Whole Foods outlines strategy to differentiate customer experience, improve price perception

Amid press negativity, co-CEOs John Mackey and Walter Robb presented investors and analysts with strategies for differentiating, improving value perception and improving the shopping experience during an earnings call Wednesday.

Whole Foods Market fell short of analysts’ expectations again last quarter, but its executive leadership wants everyone to know that they’re not standing still.

“In this dynamic and increasingly competitive marketplace, we recognize we need to move faster and go deeper in creating a solid foundation for our long-term profitable growth,” said co-CEO John Mackey in scripted remarks delivered on the company’s financial results call on Wednesday.

The retailer opened 10 new stores and posted sales of $3.4 billion in the fourth quarter of fiscal year 2015—a 6 percent increase year-over-year. But comparable store sales decreased by .2 percent, and diluted earnings per share of $0.16 missed expectations, which Mackey attributed to weaker-than-expected sales.

Initiatives for growth include improving efficiency throughout its business and efforts to differentiate the customer experience, such as:

  • Looking at every aspect of the business to eliminate costs that do not produce value for shoppers. Whole Foods announced a plan to reduce expenses by a $300 million run rate by fiscal year 2017. Already, they have eliminated more than 2,000 positions this year and have introduced a new labor scheduling tool that should help in this effort.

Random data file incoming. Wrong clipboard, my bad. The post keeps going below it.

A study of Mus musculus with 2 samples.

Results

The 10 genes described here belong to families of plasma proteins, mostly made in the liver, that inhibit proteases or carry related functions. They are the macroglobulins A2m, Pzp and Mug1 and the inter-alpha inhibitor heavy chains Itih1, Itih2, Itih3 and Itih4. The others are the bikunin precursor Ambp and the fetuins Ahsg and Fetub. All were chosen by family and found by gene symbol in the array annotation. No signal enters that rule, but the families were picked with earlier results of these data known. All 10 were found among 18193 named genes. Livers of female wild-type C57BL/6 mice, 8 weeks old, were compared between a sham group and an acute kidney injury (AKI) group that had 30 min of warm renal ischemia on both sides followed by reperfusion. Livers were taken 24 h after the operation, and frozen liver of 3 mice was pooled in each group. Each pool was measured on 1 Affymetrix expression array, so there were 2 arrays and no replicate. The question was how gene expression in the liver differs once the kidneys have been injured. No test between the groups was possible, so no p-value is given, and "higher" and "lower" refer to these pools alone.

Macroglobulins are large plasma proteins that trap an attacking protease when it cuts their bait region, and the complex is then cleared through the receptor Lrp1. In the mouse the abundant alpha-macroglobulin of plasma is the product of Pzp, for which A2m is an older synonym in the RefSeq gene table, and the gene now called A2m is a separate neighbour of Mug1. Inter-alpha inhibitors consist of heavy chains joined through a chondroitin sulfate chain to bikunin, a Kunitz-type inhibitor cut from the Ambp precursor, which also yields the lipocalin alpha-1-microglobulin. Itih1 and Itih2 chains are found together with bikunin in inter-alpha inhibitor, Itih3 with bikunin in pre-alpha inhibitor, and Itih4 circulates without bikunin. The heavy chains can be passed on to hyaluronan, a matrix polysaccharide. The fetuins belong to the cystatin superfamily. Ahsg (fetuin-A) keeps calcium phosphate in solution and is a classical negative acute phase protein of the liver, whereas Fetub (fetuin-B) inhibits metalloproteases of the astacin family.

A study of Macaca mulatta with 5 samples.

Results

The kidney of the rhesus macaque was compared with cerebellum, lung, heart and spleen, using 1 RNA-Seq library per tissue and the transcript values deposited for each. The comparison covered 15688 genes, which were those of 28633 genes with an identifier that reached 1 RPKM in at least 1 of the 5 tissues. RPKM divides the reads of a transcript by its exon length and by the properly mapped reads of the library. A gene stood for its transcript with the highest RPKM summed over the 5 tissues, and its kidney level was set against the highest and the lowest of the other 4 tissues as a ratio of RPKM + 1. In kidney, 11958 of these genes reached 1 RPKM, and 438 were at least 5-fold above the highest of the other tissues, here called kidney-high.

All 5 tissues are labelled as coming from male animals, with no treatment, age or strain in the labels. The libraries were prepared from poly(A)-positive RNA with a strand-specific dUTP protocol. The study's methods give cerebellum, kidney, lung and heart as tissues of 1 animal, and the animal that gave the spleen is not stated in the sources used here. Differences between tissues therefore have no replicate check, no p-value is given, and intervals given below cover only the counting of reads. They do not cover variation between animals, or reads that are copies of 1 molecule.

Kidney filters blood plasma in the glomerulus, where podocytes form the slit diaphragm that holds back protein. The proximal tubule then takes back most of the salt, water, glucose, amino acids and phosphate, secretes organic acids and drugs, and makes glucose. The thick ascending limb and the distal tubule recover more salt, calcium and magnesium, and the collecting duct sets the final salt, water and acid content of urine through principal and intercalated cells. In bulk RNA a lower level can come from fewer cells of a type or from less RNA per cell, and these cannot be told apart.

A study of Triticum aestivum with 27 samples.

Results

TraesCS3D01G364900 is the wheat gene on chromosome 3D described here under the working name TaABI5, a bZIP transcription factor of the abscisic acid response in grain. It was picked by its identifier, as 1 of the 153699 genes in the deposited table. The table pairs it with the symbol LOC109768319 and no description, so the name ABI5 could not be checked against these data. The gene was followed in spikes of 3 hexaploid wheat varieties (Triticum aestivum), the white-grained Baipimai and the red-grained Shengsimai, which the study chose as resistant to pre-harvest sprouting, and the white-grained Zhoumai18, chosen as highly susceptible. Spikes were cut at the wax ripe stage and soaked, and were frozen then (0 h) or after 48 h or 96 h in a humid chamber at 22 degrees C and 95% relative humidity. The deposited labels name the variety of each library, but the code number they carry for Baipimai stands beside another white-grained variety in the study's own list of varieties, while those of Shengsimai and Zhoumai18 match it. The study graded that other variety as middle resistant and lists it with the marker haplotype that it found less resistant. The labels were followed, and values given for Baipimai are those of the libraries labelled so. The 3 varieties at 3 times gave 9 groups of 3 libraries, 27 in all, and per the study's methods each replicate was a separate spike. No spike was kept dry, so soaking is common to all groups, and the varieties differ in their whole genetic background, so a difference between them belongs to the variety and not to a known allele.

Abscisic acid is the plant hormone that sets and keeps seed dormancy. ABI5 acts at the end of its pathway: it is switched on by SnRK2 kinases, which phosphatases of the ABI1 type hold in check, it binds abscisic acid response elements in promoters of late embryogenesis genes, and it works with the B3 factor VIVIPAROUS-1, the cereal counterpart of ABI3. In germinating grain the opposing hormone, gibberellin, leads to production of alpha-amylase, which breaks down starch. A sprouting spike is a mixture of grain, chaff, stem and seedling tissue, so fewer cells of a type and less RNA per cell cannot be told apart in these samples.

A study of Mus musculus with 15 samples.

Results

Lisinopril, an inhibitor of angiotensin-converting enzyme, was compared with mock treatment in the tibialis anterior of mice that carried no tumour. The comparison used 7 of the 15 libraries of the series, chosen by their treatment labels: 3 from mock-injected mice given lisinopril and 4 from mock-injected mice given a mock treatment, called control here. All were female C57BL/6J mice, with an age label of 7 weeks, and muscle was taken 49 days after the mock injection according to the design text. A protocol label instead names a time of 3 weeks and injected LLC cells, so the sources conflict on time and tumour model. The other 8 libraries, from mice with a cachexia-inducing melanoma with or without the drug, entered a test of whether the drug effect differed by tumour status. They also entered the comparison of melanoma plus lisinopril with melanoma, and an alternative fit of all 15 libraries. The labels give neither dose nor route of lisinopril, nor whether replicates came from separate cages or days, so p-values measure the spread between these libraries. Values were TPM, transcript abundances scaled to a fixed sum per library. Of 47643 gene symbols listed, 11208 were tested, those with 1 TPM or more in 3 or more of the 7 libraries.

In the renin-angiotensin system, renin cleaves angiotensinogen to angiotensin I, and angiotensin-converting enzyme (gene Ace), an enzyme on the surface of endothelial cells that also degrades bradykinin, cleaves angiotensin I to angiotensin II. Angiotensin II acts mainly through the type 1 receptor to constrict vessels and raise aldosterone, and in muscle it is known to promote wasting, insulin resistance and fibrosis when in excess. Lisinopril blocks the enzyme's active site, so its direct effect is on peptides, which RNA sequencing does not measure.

• Innovating through exclusive brands and prepared and bakery foods. Whole Foods does almost one-third of its sales in these categories, and they’re parts of the store that are becoming increasingly important as a differentiator, Mackey said. A global vice president of culinary and hospitality position was recently created and will be filled in the coming months.
  • Improving value perception through strategic price reductions and promotions, as well as external marketing efforts. While Mackey acknowledged that price is a critical part of the conversation, he noted that Whole Foods is “not participating in a race to the bottom.”
  • Investing in digital strategies to convert website traffic into sales. Last quarter, the retailer integrated Instacart into its app. In the near future, it plans to launch a national sales flyer and continue testing its loyalty program pilot.
  • Launching a new growth vehicle, 365 by Whole Foods. Three new leases were signed last quarter for locations in San Francisco, Cincinnati and Cedar Park, Texas. Simultaneously, the retailer plans to grow its square footage at a more moderate pace in 2016.

Separately, Whole Foods also announced Wednesday a $1 billion stock buyback plan.

“We are taking aggressive, smart and strategic steps,” co-CEO Walter Robb said.